Restoration Hardware and Peak Used Bikes


I was looking at a Restoration Hardware catalog and thought, bikes from NAHBS should get featured in here with the same nostalgic flare

This is the bike that reminds you of grandpa’s house or the aunt that gives you cookies.

This basket was found in a dust bin of a long-since shuttered textile factory and for this limited edition newsboy bike, we’ve found a cache of stove piping!

With props for the craftsmanship and dedication, I also wonder how bikes will grow from an enthusiastic niche with such a determined focus on the past and the old. What other industry puts so much energy into ancient designs? Gary Fisher said it to me last week in a call, “We’ve reached Peak Used Bikes.”

Gazelle

Could place this bike in the pages of a Restoration Hardware. This one too.

Gary was admitting there’s not much compelling about a new old bike when you can get an old bike and that old bike is far more authentic. Furthermore, there’s no growth in old bikes. Builders are just taking market share from each other; especially, when the big companies get into the urban or city bike market. Where innovation drives other markets and companies, what drives a mixte, Dutch, or cargo bike? Don’t get me wrong, as the name of this blog implies, we love the bike, but also are concerned about the lack of innovation and stagnant marketshare. In the 5 years we’ve been blogging urban cycling, we’ve yet to see anything really move the needle with a new, hit bike (that excludes racing bikes).

@bicycledesign asked recently if the bicycle industry need new ideas. Well, sure it does. Last week in @fredcast’s Spokesmen 61, I said, “Safety Bike 3000.” What I meant was we need to challenge the industry to innovate and focus on safety as a core design objective. I don’t think there’s a significant milestone in bike design since the safety bike saved people’s heads from the penny farthing.

The reason I focus on safety is people get hit by cars and die and the number one thing potential cyclists say to me is that they’re afraid to ride on the streets and wonder how I do it. You know how. So do I, but they’re still afraid. We could take a queue from the car industry, where safety is in every marketing statement they make.

Really, what does a mixte or single speed from any company offer a cyclist that a bike from a pawn shop doesn’t? Certainly nothing with built-in running lights, proximity sensors, GPS locators, or run flat tires.

Finally, if builders are going to relive and recreate the past, please do it with some marketing flair like Restoration Hardware does for yogurt bottles.

A Hungarian scientist introduced yogurt to the United States in the 1940s. It is no surprise that the Hungarians also handcrafted the perfect yogurt bottle. We rescued these hand-blown glass vessels from 60 years of retirement, giving them new purpose as vases or decorative accents for home and garden.

Prod1677270

Swap out the word yogurt for bike and there’s a catalog from NAHBS.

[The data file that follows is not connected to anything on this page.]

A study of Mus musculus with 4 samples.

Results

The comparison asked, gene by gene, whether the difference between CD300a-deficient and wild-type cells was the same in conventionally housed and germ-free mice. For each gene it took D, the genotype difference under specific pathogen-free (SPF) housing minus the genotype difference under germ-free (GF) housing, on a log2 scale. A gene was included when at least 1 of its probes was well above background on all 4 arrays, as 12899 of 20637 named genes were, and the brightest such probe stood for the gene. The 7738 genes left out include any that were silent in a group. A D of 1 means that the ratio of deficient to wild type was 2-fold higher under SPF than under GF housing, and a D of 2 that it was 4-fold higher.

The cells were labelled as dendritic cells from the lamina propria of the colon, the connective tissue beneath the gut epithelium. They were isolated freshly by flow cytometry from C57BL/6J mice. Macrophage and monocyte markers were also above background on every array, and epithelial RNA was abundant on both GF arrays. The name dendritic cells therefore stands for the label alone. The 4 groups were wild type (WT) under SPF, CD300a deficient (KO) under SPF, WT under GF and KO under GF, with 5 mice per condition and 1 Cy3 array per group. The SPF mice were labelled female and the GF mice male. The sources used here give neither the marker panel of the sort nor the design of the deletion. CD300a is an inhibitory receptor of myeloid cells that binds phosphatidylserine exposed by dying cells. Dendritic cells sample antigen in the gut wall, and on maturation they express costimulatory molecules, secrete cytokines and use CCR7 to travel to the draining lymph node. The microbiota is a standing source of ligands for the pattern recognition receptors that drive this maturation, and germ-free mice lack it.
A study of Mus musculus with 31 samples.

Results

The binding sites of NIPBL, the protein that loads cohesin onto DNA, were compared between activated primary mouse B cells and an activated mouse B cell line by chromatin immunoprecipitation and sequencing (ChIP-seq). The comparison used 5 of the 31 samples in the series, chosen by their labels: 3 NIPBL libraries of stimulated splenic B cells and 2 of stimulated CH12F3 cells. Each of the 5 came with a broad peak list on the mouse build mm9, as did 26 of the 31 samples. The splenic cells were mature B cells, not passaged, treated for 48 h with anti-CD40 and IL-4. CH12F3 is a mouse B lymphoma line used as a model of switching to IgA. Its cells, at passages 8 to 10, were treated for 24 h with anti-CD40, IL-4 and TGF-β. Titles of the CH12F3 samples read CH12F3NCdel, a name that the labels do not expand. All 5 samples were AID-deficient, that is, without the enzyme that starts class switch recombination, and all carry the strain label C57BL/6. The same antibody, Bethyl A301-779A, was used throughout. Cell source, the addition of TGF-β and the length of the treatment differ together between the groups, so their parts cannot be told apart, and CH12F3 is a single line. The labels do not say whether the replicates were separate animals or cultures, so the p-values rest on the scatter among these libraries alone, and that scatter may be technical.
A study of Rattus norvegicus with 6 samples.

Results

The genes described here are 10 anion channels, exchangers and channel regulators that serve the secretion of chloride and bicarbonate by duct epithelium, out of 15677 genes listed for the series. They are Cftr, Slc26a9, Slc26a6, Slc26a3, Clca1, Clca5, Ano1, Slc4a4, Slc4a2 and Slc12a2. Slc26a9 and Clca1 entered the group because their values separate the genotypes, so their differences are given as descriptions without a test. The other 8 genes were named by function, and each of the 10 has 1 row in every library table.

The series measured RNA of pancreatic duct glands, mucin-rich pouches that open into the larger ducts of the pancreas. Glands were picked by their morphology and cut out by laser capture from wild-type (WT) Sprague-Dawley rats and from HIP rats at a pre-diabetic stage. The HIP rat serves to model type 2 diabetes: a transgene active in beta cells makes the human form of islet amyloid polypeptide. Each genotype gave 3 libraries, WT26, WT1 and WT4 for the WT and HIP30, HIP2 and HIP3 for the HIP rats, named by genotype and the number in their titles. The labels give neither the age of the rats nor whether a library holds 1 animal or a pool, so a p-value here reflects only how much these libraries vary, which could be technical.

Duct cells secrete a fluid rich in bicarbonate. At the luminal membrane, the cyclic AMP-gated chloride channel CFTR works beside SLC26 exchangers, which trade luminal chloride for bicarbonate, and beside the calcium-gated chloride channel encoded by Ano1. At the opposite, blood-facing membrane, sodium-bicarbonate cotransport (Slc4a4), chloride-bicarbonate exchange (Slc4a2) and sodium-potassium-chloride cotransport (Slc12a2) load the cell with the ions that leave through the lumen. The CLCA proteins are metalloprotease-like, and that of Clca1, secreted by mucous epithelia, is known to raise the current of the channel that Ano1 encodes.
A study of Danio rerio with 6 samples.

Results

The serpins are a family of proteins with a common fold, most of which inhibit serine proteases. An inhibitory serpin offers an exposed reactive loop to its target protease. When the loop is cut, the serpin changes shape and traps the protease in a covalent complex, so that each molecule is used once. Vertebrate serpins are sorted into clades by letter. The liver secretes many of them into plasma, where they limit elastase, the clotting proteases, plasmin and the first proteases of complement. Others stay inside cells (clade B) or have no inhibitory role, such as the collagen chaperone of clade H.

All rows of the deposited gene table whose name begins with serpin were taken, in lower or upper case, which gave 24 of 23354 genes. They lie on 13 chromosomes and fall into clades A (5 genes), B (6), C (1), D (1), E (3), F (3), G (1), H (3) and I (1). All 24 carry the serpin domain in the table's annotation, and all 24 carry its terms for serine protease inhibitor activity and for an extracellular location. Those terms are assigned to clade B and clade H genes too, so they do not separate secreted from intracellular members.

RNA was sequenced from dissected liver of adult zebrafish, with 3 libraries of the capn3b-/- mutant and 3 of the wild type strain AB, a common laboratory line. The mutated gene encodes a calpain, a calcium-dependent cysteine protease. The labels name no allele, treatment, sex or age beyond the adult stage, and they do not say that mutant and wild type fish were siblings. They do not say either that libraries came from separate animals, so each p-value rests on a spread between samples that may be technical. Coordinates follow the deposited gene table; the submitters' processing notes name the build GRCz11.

I completely agree that bike manufacturers need a new approach - something to get people fired up about buying bikes.  However, I’m not sure if there’s much in the way of safety features that’ll do the trick.  After all, the bike is pretty safe in and of itself.  The most dangerous thing about a bike is that a car may run you over.  Remove the car and you have a safe ride - remove the bike and you’re still a flattened pedestrian.

Right. What I’m looking for is a killer app or at least looking at safety as a hook. Your point Carlton Reid also made in the podcast and it’s going to take some serious re-thinking to take companies with sports marketing in their DNA. Hard to reconcile climbing this carbon wonder up hills and flying down descents with riding next to cars on crowded urban streets. In Amsterdam, who needs more safety? They’ve got more bikes than cars on the road, but here in the States it’s the opposite.

This is a very true article, and I think it is very easy to close your mind off from possible developments that we could see in the cycling world. I think we take some inspiration, or at least hope, from the motorcycle industry though. A couple of decades ago, I’m sure people just writing off motorbikes as inherently unsafe and a nothing-you-can-do-about-it kind of thing. But today we’re seeing ABS becoming standard, bike air bags, rider air bags, carbon helmets, adaptive body armour. There’s real progress taking place in an industry that it’s very easy to say is hopeless, and I think we’re facing a similar problem in bicycle industry, but obviously there’s a lot to improve!

I think the ‘killer app’ for bikes is better city planning.  I made a recommendation to the city of Tacoma back in ‘04 or so that they close the downtown proper (UWT area) off to cars and only allow bikes, skateboards and the light rail through there.  My reasoning was that nobody was moving there anyways if they take a risk and rebrand themselves for the future they may be able to stem the flow of kids graduating and moving to Seattle.  I mean c’mon, how many cities their size have as many colleges as they do within their boundaries?  It fell on deaf ears, naturally, and they continued to give away luxury condo building permits (priced similar to Seattle, an infinitely more livable city from a condo dweller/walkers perspective) like kittens, thinking it a property tax abatement for the buyer was more interesting than, dunno, things like a grocery store you can walk to.  Anyways, I’m rambling.